BRUSSELS/FRANKFURT/PARIS (dpa-AFX) - The European markets fluctuated between small gains and losses over the course of Friday's session, but the majority managed to end the day with slight increases. A surge in Chinese imports provided a boost to mining stocks at the end of the trading week. Shares of Bayer were also in focus after it sold off some of its operations as part of its continuing efforts to gain approval for its proposed acquisition of Monsanto.
While European stocks were mixed for much of Friday's session, the early gains on Wall Street helped to push them higher in late trade. The U.S. markets climbed following the release of some upbeat economic data, including a surge in retail sales.
The pan-European Stoxx Europe 600 index advanced 0.36 percent. The Euro Stoxx 50 index of eurozone bluechip stocks decreased 0.01 percent, while the Stoxx Europe 50 index, which includes some major U.K. companies, added 0.43 percent.
The DAX of Germany climbed 0.07 percent, but the CAC 40 of France fell 0.17 percent. The FTSE 100 of the U.K. declined 0.28 percent, but the SMI of Switzerland finished higher by 0.15 percent.
In Frankfurt, BASF has signed an agreement to acquire significant parts of seed and non-selective herbicide businesses of Bayer AG. The all-cash purchase price is 5.9 billion euros. For Bayer, the divestment is part of its planned acquisition of Monsanto. BASF slid 0.34 percent, while Bayer rose 1.20 percent.
In Paris, Airbus fell 1.23 percent after the U.S. Federal Aviation Administration issued an emergency order requiring airlines to inspect engines on roughly 120 Airbus A380 superjumbo jets world-wide.
In London, GKN plc plunged 9.84 percent after the engineering business reported weak margin for its third quarter, despite good organic sales growth. The company now expects management profit before tax for fiscal 2017 to be slightly above 2016.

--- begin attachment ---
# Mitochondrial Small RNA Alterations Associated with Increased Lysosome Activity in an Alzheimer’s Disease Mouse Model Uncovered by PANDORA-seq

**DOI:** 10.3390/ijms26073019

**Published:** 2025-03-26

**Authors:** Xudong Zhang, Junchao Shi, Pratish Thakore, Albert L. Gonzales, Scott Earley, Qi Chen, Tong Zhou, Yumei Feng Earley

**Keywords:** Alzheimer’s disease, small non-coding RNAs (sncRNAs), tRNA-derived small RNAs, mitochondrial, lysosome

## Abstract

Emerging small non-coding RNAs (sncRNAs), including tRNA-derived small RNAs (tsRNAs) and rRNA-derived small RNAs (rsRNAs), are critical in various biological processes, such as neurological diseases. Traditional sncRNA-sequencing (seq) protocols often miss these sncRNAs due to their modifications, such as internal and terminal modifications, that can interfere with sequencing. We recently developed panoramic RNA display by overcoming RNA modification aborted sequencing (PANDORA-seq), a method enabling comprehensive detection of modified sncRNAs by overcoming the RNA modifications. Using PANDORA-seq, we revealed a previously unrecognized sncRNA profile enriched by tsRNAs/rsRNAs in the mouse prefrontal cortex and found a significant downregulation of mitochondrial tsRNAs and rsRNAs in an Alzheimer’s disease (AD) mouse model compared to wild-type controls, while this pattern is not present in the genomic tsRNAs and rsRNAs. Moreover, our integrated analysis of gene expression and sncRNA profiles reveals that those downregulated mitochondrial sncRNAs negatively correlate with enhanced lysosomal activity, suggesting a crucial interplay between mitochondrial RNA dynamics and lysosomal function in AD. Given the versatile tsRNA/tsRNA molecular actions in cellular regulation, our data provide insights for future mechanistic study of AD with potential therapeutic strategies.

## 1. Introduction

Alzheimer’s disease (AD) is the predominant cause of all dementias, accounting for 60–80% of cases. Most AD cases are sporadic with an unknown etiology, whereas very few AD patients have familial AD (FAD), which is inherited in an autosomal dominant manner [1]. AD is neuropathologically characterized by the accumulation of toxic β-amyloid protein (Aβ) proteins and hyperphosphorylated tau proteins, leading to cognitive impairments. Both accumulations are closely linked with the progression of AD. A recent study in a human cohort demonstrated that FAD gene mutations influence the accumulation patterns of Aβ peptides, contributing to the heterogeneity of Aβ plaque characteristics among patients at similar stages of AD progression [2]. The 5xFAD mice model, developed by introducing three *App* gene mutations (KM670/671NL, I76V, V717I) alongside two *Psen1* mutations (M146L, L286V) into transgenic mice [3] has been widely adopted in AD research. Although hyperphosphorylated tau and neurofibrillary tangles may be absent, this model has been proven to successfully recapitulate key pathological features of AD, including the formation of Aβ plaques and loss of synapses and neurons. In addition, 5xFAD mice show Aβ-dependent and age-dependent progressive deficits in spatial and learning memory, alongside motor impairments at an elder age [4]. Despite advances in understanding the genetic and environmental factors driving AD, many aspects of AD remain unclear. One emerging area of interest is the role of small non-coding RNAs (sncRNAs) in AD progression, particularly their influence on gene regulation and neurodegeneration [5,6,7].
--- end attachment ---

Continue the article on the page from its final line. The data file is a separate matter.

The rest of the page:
Ashmore Group surged 7.67 percent after the specialist Emerging Markets asset manager reported growth in first-quarter assets under management.
Shares of Investment management firm MAN Group plc increased 3.61 percent on higher funds under management.
Mining stocks turned in a solid performance, thanks to the trade data released by China this morning. BHP Billiton climbed 1.64 percent, Rio Tinto rose 3 percent and Glencore advanced 2.69 percent.
Germany's inflation held steady, as initially estimated, in September, final data from Destatis showed Friday. Consumer prices advanced 1.8 percent year-on-year in September, the same rate as seen in August. The rate also matched the estimate published on September 28.
China's exports expanded at a slower than expected pace but remained robust in September. At the same time, imports growth exceeded expectations on improving domestic demand.
Exports climbed 8.1 percent year-over-year in September, data from the General Administration of Customs showed Friday. Economists had forecast exports to climb 10.0 percent, following August's 5.5 percent increase.
At the same time, imports surged 18.7 percent in September from a year ago, faster than the expected growth of 15.0 percent.
As result, the trade surplus totaled $28.47 billion in September versus the expected level of $38.0 billion.
With gasoline prices showing a substantial increase, the Commerce Department released a report on Friday showing a significant jump in retail sales in the U.S. in the month of September. The Commerce Department said retail sales surged up by 1.6 percent in September after edging down by a revised 0.1 percent in August.
Economists had expected retail sales to spike by 1.7 percent compared to the 0.2 percent drop originally reported for the previous month.
Consumer prices in the U.S. increased by slightly less than expected in the month of September, according to a report released by the Labor Department on Friday. The Labor Department said its consumer price index climbed by 0.5 percent in September after rising by 0.4 percent in August. Economists had expected prices to increase by 0.6 percent.
Consumer sentiment in the U.S. has unexpectedly seen a significant increase in the month of October, according to a report released by the University of Michigan on Friday. The report said the consumer sentiment index jumped to 101.1 in October after dipping to 95.1 in September. Economists had expected the index to edge down to 95.0.
Business inventories in the U.S. rose in line with economist estimates in the month of August, the Commerce Department revealed in a report on Friday. The Commerce Department said business inventories climbed by 0.7 percent in August after rising by an upwardly revised 0.3 percent in July.
Economists had expected inventories to increase by 0.7 percent compared to the 0.2 percent uptick originally reported for the previous month.